CERAWeek: New ExxonMobil CEO Addresses Carbon Reduction, Expresses Optimism On US Gulf Coast Downstream
The new head of ExxonMobil used his first major public appearance to emphasize the major oil company's committment to environmental concerns through the development of emerging technologies.
In his first major public address since becoming chief executive officer of ExxonMobil in January, Darren Woods said the company is committed to producing oil and gas while helping to minimize the industry’s impact on the environment.
“I want to challenge the assumption made by many that a growing economy and a cleaner environment are mutually exclusive; that as we step forward in developing more oil and natural gas, our environment—including our climate—must step back,” said Woods, who served as the company’s refinery head before taking over the top spot.
Woods spoke on Monday, the first day of CERAWeek, an annual gathering of oil and gas executives, regional leaders, and industry investors in Houston. His remarks were notable in part because they come as ExxonMobil faces accusations that it has historically downplayed its knowledge of the risks associated with climate change.
Several company projects were listed during the speech, ones that Woods emphasized are aimed at reducing emissions and increasing energy efficiency such as making biofuels from agricultural waste and algae. He also noted that ExxonMobil has a stake in about 25% of the world’s carbon-capture-and-sequestration capacity and that the company plans to invest more in this area.
Last year, the company also announced that it has partnered with technology developers to find out whether carbon fuel cells can be used to efficiently capture carbon dioxide on a large scale. Woods said that if this project can be used to capture emissions from power plants then it may bring about “a future in which hydrocarbon use and decarbonization go hand in hand.”
When it comes to the role of governments in such carbon-reducing innovation, Woods was cautious. He said governments can help drive innovation by opening up trade channels and creating transparent carbon pricing structures—something that ExxonMobil has supported in the past—but he knocked down mandates and subsidies for renewable energies, saying they “only hinder progress.”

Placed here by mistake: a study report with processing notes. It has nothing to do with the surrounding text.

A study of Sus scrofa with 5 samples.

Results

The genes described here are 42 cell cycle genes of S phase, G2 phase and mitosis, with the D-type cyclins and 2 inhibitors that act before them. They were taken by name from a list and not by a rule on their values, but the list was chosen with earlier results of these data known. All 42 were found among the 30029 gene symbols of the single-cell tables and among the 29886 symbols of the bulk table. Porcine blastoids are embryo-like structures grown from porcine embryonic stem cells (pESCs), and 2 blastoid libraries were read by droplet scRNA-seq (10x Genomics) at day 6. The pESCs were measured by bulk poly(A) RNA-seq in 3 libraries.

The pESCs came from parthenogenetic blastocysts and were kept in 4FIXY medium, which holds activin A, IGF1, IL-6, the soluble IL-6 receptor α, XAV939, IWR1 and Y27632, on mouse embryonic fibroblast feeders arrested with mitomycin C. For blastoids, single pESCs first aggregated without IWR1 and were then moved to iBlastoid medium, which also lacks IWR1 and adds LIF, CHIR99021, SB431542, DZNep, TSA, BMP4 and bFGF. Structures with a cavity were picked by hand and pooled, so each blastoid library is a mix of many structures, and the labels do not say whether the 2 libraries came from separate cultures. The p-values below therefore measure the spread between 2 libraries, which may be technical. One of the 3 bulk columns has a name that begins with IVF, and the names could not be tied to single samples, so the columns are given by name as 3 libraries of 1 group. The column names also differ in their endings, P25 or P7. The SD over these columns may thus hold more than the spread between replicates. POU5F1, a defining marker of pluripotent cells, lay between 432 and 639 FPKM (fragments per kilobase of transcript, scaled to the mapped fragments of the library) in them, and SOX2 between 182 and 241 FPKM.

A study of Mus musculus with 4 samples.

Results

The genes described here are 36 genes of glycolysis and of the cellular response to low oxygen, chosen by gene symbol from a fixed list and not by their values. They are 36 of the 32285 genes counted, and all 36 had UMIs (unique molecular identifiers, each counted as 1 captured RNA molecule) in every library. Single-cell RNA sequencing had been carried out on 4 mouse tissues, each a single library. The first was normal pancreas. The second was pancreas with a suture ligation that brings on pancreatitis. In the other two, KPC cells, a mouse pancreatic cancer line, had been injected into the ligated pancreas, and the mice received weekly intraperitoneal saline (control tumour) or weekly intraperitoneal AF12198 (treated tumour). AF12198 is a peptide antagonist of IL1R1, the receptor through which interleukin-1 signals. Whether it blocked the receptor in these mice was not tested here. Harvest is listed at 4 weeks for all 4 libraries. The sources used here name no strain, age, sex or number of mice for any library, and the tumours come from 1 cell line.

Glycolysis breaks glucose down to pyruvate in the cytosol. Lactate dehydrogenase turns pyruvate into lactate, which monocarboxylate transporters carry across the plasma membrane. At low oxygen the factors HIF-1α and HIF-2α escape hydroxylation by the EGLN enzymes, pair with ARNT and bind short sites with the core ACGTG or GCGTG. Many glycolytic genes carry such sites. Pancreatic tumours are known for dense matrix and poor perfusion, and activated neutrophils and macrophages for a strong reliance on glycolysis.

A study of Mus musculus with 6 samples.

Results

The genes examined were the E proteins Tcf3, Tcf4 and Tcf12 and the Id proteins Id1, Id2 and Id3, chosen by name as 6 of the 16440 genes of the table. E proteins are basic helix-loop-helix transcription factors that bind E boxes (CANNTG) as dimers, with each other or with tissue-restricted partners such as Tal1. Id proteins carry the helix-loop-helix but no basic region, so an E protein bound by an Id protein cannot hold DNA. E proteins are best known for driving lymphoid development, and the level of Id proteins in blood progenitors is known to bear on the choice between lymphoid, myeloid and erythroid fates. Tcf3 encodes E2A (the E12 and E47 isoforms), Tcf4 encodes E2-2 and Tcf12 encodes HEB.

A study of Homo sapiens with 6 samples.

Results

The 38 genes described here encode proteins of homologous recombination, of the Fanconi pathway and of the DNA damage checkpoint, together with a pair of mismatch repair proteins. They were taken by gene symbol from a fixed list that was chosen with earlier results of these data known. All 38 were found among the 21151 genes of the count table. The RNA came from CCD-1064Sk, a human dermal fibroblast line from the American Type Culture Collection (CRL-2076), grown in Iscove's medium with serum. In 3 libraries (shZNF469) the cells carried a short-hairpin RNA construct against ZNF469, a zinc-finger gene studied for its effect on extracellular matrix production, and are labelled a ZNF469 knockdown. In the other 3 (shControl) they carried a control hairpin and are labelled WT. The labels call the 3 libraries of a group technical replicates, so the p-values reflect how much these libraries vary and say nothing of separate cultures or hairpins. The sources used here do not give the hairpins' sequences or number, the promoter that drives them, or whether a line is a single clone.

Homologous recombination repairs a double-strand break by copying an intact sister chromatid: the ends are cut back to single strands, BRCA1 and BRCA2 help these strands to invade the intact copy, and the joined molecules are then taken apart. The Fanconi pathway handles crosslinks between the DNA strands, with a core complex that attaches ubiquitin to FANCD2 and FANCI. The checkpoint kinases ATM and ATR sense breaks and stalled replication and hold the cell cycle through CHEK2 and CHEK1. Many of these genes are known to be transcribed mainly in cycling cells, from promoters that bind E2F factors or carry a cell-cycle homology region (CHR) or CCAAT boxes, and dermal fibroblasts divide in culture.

Woods spent the remainder of his time speaking about how ExxonMobil has changed as a result of the North American shale revolution. While celebrating the fact that hydraulic fracturing has helped make the US a top producer of oil and gas in the world, he said the technology has also brought about a new era of investing for the country’s downstream and manufacturing businesses.
ExxonMobil is taking part in this investment excitement too. Dubbed “Growing the Gulf,” Woods explained that the company has embarked on an initiative that seeks to further capitalize on the proximity of US shale fields to its Gulf of Mexico refining base. Expansions of these facilities began in 2013 and will continue into 2022 to a tune of USD 20 billion.
In all, there are 11 projects along the US Gulf coast that ExxonMobil expects will create 45,000 jobs. “These projects are export machines,” Woods said, adding that these projects will be manufacturing refined products that will be sold to emerging nations. “The supply is here, the demand is there, and we want to keep connecting those dots.”
A lot more of that supply may be coming from ExxonMobil’s shale subsidiary XTO, which will be tasked with developing a new acquisition in the Permian Basin of Texas. Announced last week, ExxonMobil has inked a USD 6.6 billion deal for almost 250,000 acres in what Woods described as the “heart of the Permian.” He said the company is now focused on how to best deploy its various capabilities to develop this new opportunity in west Texas.